August 22, 2012
Newsweek publishes a cover story by Niall Ferguson severely critical of President Obama. That is fine; there is ample ground to criticize the president from both the right and the left, and the First Amendment makes criticism of public officials a sacred right. The problem, as Paul Krugman painstakingly pointed out , is that Mr. Ferguson's article is open to repeated challenge on factual accuracy. Evidently Newsweek thought that anything written by a Harvard professor would be beyond reproach, and besides, the magazine dismantled its fact checking staff in 1996 . Instead, Newsweek spokesman Andrew Kirk told Politico, "We, like other news organisations today, rely on our writers to submit factually accurate material.
April 29, 2011
Mark your calendars for upcoming screenings of the Maryland Consumer Rights Coalition 's new documentary, Stealing Trust. The film chronicles how ordinary people across the state have fallen into financial troubles as a result of debt collection, shady contractors and banks that refused to offer loan modifications --- and how regulation failed to protect them. You can watch Stealing Trust at 7 p.m. on Wednesday, May 4 at the Creative Alliance at The Patterson . UPDATED : Tickets cost $8, but $3 for members.
March 15, 2010
Recently it has been reported that some members of the House of Representatives are fearful of voting to approve the Senate version of the health care reform bill because they don't trust the Senate to then follow through and pass their proposed changes. Is it any wonder, when one house of the legislative branch of our government doesn't trust the other, that public opinion polls show historically low levels of approval for this Congress? Now is the time for intelligent voters to start thinking about the November elections as being our chance to clean house.
June 2, 2006
Baltimore's beleaguered school system is trying hard to regain public confidence and trust. That's a key reason why the Board of School Commissioners has insisted that Chief Operating Officer Eric T. Letsinger vacate his post after allegations that he planned to use system funds to pay for a chartered boat trip. While the situation is regrettable, the taint seemed to be too damaging for Mr. Letsinger to continue functioning effectively - and the school board is making every effort to be consistent in applying the same standards of conduct to all of its employees.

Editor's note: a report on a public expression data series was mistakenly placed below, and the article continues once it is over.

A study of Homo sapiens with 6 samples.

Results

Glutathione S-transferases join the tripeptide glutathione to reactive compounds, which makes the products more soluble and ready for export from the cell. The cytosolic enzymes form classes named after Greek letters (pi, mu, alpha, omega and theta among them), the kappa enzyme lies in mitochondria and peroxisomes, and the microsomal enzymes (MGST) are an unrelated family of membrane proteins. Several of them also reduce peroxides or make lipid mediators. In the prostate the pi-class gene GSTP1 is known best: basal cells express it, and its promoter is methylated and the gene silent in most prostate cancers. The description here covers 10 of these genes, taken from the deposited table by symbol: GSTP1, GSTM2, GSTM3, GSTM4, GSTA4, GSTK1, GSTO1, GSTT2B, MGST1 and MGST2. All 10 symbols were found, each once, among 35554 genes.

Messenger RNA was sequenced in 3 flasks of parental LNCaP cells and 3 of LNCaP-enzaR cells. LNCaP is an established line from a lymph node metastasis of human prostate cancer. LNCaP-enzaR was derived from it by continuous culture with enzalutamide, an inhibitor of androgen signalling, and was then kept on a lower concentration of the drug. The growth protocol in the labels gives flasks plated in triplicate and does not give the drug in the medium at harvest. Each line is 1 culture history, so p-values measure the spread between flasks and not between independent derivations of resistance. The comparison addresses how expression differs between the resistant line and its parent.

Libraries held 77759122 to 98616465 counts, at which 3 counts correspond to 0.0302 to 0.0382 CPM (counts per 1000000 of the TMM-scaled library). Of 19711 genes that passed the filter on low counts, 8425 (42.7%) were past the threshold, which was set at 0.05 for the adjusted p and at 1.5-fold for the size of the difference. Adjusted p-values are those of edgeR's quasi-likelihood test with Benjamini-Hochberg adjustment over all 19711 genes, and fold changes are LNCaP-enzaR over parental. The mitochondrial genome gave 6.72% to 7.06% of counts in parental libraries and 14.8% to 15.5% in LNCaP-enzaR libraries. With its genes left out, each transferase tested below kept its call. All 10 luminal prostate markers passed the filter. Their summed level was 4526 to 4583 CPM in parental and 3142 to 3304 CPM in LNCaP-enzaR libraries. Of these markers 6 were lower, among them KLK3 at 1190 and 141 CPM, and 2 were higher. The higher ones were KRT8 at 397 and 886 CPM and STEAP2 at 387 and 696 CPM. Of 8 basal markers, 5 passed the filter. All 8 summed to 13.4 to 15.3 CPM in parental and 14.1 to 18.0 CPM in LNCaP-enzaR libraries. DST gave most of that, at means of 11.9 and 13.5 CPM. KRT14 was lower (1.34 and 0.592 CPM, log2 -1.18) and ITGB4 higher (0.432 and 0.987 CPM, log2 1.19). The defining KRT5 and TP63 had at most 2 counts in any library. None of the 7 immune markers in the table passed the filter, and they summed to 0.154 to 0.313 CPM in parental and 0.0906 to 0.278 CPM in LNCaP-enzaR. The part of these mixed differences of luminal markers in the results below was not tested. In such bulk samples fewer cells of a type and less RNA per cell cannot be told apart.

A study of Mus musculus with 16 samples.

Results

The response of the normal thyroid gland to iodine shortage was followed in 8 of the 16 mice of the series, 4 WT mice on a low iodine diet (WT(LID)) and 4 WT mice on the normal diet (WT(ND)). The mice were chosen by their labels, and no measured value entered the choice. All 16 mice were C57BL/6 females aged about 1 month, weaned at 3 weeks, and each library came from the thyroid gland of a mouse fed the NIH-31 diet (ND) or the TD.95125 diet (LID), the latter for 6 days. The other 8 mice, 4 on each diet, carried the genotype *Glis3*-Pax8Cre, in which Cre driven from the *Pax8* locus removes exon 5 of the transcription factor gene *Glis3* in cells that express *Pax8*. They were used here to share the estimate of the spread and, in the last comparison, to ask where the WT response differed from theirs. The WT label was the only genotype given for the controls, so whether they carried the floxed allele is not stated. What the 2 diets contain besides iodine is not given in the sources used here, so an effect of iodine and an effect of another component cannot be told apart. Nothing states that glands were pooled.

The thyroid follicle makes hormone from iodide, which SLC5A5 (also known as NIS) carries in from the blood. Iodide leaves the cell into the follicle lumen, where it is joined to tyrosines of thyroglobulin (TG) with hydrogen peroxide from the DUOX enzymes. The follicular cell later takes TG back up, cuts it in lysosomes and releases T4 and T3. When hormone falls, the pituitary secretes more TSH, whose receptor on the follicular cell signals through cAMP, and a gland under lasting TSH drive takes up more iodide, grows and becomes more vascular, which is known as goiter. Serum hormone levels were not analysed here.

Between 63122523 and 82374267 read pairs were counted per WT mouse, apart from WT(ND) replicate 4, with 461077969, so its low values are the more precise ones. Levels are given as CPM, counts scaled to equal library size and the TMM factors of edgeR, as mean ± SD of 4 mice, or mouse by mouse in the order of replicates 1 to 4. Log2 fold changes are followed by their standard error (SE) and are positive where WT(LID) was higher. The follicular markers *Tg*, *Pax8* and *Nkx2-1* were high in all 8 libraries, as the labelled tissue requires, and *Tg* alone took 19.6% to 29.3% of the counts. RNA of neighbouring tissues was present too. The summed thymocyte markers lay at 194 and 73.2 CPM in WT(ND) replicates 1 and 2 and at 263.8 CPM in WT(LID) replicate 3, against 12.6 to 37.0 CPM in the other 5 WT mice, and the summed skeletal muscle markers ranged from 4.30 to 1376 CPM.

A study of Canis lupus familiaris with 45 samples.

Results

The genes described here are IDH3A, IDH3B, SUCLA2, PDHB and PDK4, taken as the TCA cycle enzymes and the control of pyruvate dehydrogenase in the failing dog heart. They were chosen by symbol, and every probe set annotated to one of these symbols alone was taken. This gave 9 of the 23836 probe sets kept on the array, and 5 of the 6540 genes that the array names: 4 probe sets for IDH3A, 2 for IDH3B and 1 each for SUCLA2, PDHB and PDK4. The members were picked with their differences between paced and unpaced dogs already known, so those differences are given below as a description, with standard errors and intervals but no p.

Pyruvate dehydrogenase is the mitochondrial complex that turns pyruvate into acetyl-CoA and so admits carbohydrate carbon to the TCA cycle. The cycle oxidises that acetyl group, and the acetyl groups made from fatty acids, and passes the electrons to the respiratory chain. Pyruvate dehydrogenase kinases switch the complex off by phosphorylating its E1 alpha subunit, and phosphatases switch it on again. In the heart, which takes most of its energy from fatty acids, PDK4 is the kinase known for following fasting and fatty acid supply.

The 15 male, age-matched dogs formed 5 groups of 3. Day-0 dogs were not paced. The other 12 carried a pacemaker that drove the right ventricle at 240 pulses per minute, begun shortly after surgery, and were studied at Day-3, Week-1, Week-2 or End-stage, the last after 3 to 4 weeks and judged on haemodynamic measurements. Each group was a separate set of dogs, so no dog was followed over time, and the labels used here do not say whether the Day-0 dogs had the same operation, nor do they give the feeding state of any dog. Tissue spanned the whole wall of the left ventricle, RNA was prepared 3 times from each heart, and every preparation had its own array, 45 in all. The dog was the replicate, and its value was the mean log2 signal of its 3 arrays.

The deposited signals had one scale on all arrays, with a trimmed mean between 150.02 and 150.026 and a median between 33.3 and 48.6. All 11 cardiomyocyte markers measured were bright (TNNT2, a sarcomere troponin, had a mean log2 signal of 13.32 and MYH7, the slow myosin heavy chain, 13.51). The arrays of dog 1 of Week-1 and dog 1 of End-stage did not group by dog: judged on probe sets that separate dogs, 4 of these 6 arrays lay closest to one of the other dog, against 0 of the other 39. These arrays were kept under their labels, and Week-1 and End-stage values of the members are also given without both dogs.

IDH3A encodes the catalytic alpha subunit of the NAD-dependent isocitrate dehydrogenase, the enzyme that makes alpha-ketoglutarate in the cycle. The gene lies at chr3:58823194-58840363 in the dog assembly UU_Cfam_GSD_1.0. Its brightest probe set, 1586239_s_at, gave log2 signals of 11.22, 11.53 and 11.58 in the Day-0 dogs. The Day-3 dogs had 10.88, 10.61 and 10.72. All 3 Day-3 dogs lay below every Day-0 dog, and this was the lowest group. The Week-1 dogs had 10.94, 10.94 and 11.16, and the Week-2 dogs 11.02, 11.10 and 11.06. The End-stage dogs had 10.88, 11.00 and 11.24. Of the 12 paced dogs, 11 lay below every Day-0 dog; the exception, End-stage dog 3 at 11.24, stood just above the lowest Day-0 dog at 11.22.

October 28, 2011
Conventional wisdom around the Ravens was that once Jimmy Smith recovered from the high left ankle sprain that had shelved him since the season opener on Sept. 11, the rookie cornerback would quickly overtake Danny Gorrer as the fifth defensive back in the defense's nickel package. But that wasn't the case on Monday night as Gorrer, not Smith, lined up as the nickel back in the team's 12-7 loss to the Jacksonville Jaguars. Smith, who is still dealing with some soreness in the ankle, was relegated to strictly special teams work against Jacksonville.
July 8, 2002
IT'S A SCANDAL that predates Enron, Tyco International and WorldCom: Boxes of records have been destroyed, and the fate of the documents covered up. A whistleblower needed protecting. The accounts of about 300,000 people are at stake. And the potential financial fallout could exceed $20 billion. It sounds like the latest example of corporate corruption, but this scandal is a case of colossal bureaucratic bungling. Malfeasance isn't the problem; mismanagement is. At issue is the Department of Interior's shockingly lax management of 56 million acres of Indian land and the royalties paid to individual Native Americans or Indian tribes for use of the land.